Can Humans and Wild Carnivores Forge a Peaceful Co-existence?
November 14, 2012
Within a few miles of Chicago’s O’Hare International Airport exists the smallest known coyote territory ever discovered. The coyotes have been there at least six years, living in an area covering approximately 200 acres.
Their proximity to civilization and the length of time they’ve lived there indicate the coyotes have easy access to food and water. According to Stan Gehrt, associate professor of environment and natural resources at Ohio State University, “They’re finding everything they need right there, in the suburbs of Chicago.”
Intersection between People and Carnivores
Other, smaller wild animals – foxes, raccoons and skunks, for example – have been part of the urban landscape for years. According to Gehrt, the coyote is the most recent and largest animal to take up residence so close to civilization. He wonders if this is a prelude to the appearance of even bigger carnivores like bears, wolves and mountain lions.
Gehrt, who has been tracking coyotes around Chicago for 12 years, estimates there are about 2,000 coyotes living in the Chicago metro area, along with 9 million people. And despite the fact many humans aren’t comfortable with the arrangement, Gehrt’s prediction is everyone on two legs and four will have to get used to it:
"It used to be rural areas where we would have this challenge of coexistence versus conflict with carnivores. In the future, and I would say currently, it's cities where we're going to have this intersection between people and carnivores.
"We used to think only little carnivores could live in cities, and even then we thought they couldn't really achieve large numbers. But we're finding that these animals are much more flexible than we gave them credit for and they're adjusting to our cities.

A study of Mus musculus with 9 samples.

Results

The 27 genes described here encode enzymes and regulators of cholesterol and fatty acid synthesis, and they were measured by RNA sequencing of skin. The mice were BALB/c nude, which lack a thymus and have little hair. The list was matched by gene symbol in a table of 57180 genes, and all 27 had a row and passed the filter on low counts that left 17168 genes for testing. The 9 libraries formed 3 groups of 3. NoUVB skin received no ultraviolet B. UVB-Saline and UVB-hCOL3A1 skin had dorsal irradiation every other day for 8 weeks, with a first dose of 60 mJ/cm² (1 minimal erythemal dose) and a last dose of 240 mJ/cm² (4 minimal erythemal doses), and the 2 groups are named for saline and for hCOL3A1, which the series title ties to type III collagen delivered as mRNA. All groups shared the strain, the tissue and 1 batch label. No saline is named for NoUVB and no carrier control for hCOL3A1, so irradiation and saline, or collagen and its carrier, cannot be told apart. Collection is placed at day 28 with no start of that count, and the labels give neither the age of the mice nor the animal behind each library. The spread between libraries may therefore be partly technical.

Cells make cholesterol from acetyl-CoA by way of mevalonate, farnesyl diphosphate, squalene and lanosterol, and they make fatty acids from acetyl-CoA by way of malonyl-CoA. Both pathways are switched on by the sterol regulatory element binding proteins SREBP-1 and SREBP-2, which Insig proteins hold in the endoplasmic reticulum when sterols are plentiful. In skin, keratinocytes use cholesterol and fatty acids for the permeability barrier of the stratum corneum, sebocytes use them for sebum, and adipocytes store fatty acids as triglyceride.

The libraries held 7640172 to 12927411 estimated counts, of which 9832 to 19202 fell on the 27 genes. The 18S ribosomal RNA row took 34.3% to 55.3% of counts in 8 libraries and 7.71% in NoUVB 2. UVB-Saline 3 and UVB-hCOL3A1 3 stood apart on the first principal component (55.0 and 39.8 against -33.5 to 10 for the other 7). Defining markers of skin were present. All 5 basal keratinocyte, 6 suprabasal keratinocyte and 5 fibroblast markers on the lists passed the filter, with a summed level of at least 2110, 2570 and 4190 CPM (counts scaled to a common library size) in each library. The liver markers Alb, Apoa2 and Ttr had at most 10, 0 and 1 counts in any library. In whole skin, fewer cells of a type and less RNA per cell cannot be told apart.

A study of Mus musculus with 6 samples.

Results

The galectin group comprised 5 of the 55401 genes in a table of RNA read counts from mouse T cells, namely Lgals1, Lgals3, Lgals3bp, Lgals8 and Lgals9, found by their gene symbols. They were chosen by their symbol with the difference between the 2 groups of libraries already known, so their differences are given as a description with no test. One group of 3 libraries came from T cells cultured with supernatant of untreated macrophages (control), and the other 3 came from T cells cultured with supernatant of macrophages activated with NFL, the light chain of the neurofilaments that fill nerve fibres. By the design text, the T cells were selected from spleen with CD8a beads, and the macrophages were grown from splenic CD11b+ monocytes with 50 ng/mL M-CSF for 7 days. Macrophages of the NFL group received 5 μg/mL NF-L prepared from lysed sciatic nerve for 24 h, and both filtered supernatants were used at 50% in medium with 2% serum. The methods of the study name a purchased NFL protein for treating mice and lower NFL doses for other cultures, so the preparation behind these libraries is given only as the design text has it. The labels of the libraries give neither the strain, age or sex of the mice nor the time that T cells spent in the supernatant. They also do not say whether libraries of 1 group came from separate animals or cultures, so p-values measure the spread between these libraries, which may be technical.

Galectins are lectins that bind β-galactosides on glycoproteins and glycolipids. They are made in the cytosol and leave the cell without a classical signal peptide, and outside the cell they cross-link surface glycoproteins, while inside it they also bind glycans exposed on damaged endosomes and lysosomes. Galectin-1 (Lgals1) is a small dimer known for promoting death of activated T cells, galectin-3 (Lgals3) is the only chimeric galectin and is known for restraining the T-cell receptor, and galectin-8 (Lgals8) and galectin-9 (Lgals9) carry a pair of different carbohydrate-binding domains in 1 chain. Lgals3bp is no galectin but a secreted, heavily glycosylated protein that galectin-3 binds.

"That's going to put the burden back on us: Are we going to be able to adjust to them living with us or are we not going to be able to coexist?"
As was discovered with coyote eradication efforts back in 2000, the benefits frequently don’t outweigh the cost of these programs. Animals were trapped and killed, and within just a few weeks, new packs arrived and began reproducing. In addition, many residents were upset with government-sponsored elimination efforts.
And encroachment is a two-way street. “We’re expanding cities into their territories and they’re also coming in,” said Gehrt.
Coyotes: Adaptable and Opportunistic
Coyotes fare very well living close to cities and towns:
- Coyote pups living in or near urban areas have a survival rate five times higher than the rate for rural pups.
- Coyotes are resilient to the diseases they’re exposed to by eating rodents, rabbits, geese, bugs, and deer fawn.
- They will chow down on fruit given the chance, and unfortunately, they are also known to eat cats and small dogs.
- Coyotes change their diet and habitat use as necessary, and become nocturnal while their country cousins are active day and night. According to Gehrt, “Here, they're able to maintain their social structure, territorialism, packs and mating system, even in the face of all these challenges of trying to live among 9 million people."
Under normal circumstances, coyotes don’t attack humans. According to Gehrt, waving your arms and yelling, or throwing a rock in the animal’s direction will most likely scare him off.
As for other, larger carnivores moving closer to urban life, the jury’s still out on how adaptable they are, and how much threat they pose to humans.
"Mountain lions are already living in the outskirts of Los Angeles, Denver, and other western cities," Gehrt told Discovery News. "Black bears are living in a variety of cities in the West and in the East. Wolves have yet to make a regular appearance, but they are getting closer. In Europe, there are urban brown bears that act much like raccoons over here."